In case you haven't seen the news, RockYou's users have become casualties in the latest web privacy breach. TechCrunch detailed RockYou's numerous transgressions here:
Earlier today news spread that social application site RockYouhad suffered a data breached that resulted in the exposure of over 32 Million user accounts. To compound the severity of the security breach, it was found that RockYou are storing all user account data in plain text in their database, exposing all that information to attackers. RockYou have yet to inform users of the breach, and their blog is eerily silent – but the details of the security breach are going from bad to worse.
32 million users. If you thought you were having a bad day, imagine what RockYou's leadership team is dealing with. Winning back the trust of a single user can be challenging, let alone the other 31,999,999.
Of course it's easy to pile on RockYou for the many boneheaded decisions that led to this breach. Users can't protect themselves if they don't have the proper tools, and the act of promoting the use of simple passwords by practicing non-existent password policies is a virtual invitation to hackers. Sadly enough, even stricter policies could not have saved RockYou since they elected to store passwords in the clear. In the applications world this is the ultimate rookie mistake, and it's difficult to imagine a company like RockYou making it.
Unfortunately the impact of RockYou's mistakes has ripple effects for other social network partners. As TechCrunch revealed, RockYou collected user credentials for integrated sites such as Facebook and MySpace and stored them (in clear text) in their database. So if you're one of the unfortunate RockYou users who submitted login credentials for both those networks, you have more than just your RockYou data to worry about.
So besides following through on their promise and not storing the data to begin with, what could RockYou have done to work around the issue of exposing login credentials from their partner networks to hackers? That's easy: FEDERATE! Federated authentication is a protocol that allows companies to trust incoming login requests from known sources, thereby eliminating the need for storing a separate login and password. Simply stated, federation is single sign-on deployed across the internet. This means user identities are more portable, the user experience is more seamless, and the login data is more secure since it does not need to be stored in multiple locations.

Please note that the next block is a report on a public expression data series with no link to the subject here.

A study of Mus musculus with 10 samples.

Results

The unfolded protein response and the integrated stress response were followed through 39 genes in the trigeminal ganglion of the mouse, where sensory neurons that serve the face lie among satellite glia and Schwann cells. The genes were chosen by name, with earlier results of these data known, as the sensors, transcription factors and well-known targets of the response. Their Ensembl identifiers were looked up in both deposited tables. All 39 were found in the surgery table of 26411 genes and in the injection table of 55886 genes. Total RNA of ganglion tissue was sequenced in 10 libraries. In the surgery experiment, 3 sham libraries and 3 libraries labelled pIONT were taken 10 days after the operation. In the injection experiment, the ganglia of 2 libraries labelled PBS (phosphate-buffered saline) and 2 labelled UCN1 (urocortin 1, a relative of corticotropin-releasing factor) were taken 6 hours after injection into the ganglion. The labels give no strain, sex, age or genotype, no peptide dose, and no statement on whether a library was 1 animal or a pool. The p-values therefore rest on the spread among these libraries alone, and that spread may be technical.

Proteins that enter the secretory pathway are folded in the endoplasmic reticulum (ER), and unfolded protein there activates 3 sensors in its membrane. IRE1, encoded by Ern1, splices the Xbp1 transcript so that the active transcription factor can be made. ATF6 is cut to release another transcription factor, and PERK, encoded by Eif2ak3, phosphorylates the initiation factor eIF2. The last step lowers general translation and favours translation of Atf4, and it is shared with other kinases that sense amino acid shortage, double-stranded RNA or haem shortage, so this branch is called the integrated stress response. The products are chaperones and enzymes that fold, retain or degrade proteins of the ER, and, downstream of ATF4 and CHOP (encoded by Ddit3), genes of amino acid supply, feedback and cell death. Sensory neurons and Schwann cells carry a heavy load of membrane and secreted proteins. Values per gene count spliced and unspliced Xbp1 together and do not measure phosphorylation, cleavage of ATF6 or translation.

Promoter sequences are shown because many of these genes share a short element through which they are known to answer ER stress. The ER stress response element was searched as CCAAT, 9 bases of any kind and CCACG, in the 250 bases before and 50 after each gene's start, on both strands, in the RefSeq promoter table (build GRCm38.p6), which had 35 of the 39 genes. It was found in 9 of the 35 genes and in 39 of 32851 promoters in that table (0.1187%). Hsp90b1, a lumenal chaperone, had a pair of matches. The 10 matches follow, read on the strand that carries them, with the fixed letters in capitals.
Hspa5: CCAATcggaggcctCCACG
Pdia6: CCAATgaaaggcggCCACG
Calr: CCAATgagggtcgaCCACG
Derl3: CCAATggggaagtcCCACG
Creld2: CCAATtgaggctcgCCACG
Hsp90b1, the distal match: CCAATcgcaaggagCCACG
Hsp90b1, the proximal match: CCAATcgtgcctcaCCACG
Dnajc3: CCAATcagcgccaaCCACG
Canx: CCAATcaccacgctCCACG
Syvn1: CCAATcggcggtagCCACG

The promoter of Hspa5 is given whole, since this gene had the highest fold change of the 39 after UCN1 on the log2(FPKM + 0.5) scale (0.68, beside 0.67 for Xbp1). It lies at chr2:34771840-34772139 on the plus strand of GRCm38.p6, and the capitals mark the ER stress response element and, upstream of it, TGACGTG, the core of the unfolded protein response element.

Sounds complicated, right? But the reality is you're probably already using forms of federation in your every day web experience. Authentication services like Facebook Connect and Twitter's oAuth are examples of federation in action. Why expose yourself to more risk by storing credentials when you can simply piggyback on what your partner is already doing?
Of course, the value of federation isn't limited to social networks. Large enterprises like CA are using federated security models to drive partnerships and other business relationships. Our own Todd Clayton has described a vision for a Federation Oriented Architecture where the principles of identity federation are applied other data. There is no doubt the need for identity federation is on the rise, and we expect to see plenty of work in this area in 2010.
Unfortunately hindsight cannot save RockYou from the embarrassment over this mess. The users who choose to stay with them can only hope they'll learn from their mistakes.